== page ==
Watching people's brains in real time as they handle a set of decision-making problems can reveal how different each person's strategy can be, according to neuroscientists at the Duke University Medical Center.
"People in our study, like the population at large, differed in the strategies they use to make economic decisions," said Scott Huettel, Ph.D., co-director of the Duke Center for Neuroeconomic Studies and senior author of the study published in Neuron online on May 27. "What sort of strategy people tended to use could be predicted, surprisingly, by how their brain responded to rewards: if there were large responses to monetary reward in a brain area called the ventral striatum, that person tended to simplify decision problems to only consider winning or losing."
"Using studies like this to build a better understanding of how our brains represent our decision strategies may someday allow researchers to use someone's personal traits – say, an adolescent with high impulsivity, but ongoing depression – to predict the decisions that he or she will make," Huettel said. "This could lead to many real-world benefits: designing more effective interventions or creating more useful educational material."
Twenty-three participants were scanned using functional magnetic resonance imaging (fMRI) which reveals real-time changes in brain function as they evaluated complex multi-outcome lotteries. The problems involved real monetary gains and losses – something akin to the universe of factors that someone buying a car must consider, for example. When faced with each problem, the participant chose among ways to improve their lottery chances, such as reducing the worst possible loss.
This study was a collaboration between neuroscientists and decision making experts at the Fuqua School of Business at Duke.
"Our goal was to come up with a risky decision task that would both discriminate between alternative models of choice and represent something that often happens when people allocate scarce resources to make a risky choice more attractive," said John W. Payne, Ph.D., the Joseph J. Ruvane, Jr. Professor of Business. "It was also nice that the task is complex enough to relate to 'real-world' decisions but simple enough to be studied using functional MRI."
The study showed that the brain regions classically associated with "rational" processing, notably the lateral prefrontal cortex, were most active when subjects used a simplifying strategy inconsistent with traditional rational-choice models.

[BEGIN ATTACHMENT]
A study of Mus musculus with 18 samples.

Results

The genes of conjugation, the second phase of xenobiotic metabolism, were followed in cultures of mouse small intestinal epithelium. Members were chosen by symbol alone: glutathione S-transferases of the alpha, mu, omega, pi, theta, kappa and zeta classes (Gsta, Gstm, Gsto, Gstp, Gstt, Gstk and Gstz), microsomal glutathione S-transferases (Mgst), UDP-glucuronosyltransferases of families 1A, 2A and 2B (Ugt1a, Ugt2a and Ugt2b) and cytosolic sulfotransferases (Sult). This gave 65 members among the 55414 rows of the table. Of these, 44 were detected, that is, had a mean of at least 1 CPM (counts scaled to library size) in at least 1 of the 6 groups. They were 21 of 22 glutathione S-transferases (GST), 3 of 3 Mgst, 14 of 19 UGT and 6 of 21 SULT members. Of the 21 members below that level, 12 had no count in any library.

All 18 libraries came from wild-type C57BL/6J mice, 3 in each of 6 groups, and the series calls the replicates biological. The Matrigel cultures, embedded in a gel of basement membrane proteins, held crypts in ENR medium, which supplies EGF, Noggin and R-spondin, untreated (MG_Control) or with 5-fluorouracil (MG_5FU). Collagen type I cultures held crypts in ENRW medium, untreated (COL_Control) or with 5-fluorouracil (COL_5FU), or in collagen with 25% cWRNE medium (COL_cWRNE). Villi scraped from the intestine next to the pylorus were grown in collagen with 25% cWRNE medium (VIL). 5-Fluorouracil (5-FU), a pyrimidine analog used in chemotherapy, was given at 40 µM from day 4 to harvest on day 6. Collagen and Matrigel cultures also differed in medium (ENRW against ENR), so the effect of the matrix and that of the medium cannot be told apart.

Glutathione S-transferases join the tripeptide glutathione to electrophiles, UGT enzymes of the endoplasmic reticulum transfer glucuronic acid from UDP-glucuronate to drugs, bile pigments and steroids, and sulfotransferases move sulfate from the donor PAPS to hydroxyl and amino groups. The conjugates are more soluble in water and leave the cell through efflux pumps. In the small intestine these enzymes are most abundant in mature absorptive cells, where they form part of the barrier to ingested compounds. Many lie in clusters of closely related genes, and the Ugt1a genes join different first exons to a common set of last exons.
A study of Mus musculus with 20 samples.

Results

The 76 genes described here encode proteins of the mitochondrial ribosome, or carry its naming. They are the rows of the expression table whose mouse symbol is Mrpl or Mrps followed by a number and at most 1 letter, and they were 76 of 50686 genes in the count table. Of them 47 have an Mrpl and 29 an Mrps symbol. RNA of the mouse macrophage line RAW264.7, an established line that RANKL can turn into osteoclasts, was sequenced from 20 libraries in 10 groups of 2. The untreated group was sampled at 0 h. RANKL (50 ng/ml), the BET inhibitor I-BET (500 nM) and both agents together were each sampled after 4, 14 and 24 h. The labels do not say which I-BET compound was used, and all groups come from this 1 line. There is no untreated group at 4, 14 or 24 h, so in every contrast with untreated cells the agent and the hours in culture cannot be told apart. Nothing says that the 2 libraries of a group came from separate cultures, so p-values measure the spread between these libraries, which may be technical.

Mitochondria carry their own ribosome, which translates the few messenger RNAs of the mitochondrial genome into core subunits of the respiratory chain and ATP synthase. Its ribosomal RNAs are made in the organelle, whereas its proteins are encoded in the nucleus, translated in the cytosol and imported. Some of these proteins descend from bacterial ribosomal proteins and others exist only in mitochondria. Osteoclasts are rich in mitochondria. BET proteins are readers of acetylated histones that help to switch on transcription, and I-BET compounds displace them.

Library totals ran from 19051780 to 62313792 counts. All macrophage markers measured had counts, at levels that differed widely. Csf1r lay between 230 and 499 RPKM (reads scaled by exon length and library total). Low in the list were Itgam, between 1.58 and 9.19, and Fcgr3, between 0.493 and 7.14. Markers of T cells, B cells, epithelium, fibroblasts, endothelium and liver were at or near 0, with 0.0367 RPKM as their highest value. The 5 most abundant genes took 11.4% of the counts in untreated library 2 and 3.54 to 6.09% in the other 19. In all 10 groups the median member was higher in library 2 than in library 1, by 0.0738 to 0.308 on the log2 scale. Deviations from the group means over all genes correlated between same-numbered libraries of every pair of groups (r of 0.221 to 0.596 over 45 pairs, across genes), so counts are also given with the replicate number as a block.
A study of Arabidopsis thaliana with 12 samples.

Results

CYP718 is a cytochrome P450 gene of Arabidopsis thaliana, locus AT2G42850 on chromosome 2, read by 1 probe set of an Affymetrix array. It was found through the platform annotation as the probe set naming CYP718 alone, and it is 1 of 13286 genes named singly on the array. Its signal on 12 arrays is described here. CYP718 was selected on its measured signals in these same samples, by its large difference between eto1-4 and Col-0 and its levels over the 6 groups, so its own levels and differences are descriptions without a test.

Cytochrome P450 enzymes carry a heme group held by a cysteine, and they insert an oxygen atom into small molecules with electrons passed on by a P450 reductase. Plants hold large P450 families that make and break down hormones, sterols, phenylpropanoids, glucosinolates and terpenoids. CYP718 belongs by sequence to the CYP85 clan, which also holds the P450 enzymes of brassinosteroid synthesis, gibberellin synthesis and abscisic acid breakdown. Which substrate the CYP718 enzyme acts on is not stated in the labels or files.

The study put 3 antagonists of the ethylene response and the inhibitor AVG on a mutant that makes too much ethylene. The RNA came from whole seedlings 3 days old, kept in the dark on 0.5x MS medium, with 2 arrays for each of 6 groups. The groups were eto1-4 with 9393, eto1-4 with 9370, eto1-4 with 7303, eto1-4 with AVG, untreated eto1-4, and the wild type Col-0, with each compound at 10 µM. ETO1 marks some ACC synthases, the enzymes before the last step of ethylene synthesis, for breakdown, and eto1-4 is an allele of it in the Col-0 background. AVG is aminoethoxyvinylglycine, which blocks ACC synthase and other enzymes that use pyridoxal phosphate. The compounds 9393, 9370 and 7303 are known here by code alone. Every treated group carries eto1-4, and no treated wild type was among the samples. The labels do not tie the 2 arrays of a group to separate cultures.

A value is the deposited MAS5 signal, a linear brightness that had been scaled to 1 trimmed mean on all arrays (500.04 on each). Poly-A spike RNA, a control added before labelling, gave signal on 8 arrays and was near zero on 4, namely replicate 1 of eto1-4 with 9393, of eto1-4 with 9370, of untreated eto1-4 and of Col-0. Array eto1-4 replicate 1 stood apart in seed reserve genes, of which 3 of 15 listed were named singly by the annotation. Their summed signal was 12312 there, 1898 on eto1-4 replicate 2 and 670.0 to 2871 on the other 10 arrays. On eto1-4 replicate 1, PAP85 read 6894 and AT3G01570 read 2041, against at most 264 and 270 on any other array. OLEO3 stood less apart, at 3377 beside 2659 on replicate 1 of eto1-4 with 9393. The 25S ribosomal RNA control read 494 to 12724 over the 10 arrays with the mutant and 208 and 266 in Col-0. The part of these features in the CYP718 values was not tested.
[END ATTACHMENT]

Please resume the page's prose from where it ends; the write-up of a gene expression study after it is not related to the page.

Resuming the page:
"This result suggests that it was the type of computation that the participants were doing at any given time that activates a brain region, not whether the thought process is rational or irrational," said lead author Vinod Venkatraman, from the Department of Psychology and Neuroscience at Duke.
The finding "argues strongly against the commonly held notion that there are 'rational' and 'irrational' parts of the brain,'" Huettel added.
The study also showed that the medial prefrontal region of the brain shapes moment-to-moment changes in the strategies people use to make decisions. "We all make some decisions opposite to our usual tendencies. When we do so, this brain region comes online and alters activation in other choice-related regions," Huettel said. "We previously knew that this part of the brain played an important role in simple sorts of behavioral control, but this research shows that it retains a switching role even during complex decision making."
"It's critical not to think of decision-making as just a competition between some rational and emotional parts of our brains," Huettel said. "Instead, the brain selectively enlists many different regions, each performing different computations, depending on the decision problem and our strategic biases."
Huettel said behavioral economics has not made much progress yet toward understanding individual differences between people. "The decision sciences have provided many good models for how we make choices, but most such models assume that the decision maker is a confident, financially savvy young adult who only attends to self-interest," he said. "People vary dramatically in their cognitive abilities, preferences and emotional states. One important goal for neuroeconomic research is to create flexible and biologically plausible models for decision making. Then we could apply those models in unexpected new directions – for example, knowing that older adults have specific deficits in prefrontal cortex function will allow scientists to predict how they will respond in novel decision situations."
Other authors included James R. Bettman and Mary Frances Luce of the Center for Neuroeconomic Studies at Duke University (all authors are affiliated with the center) and the Fuqua School of Business. Funding for this study came from the U.S. National Institute of Mental Health and the U.S. National Institute of Neurological Disease and Stroke.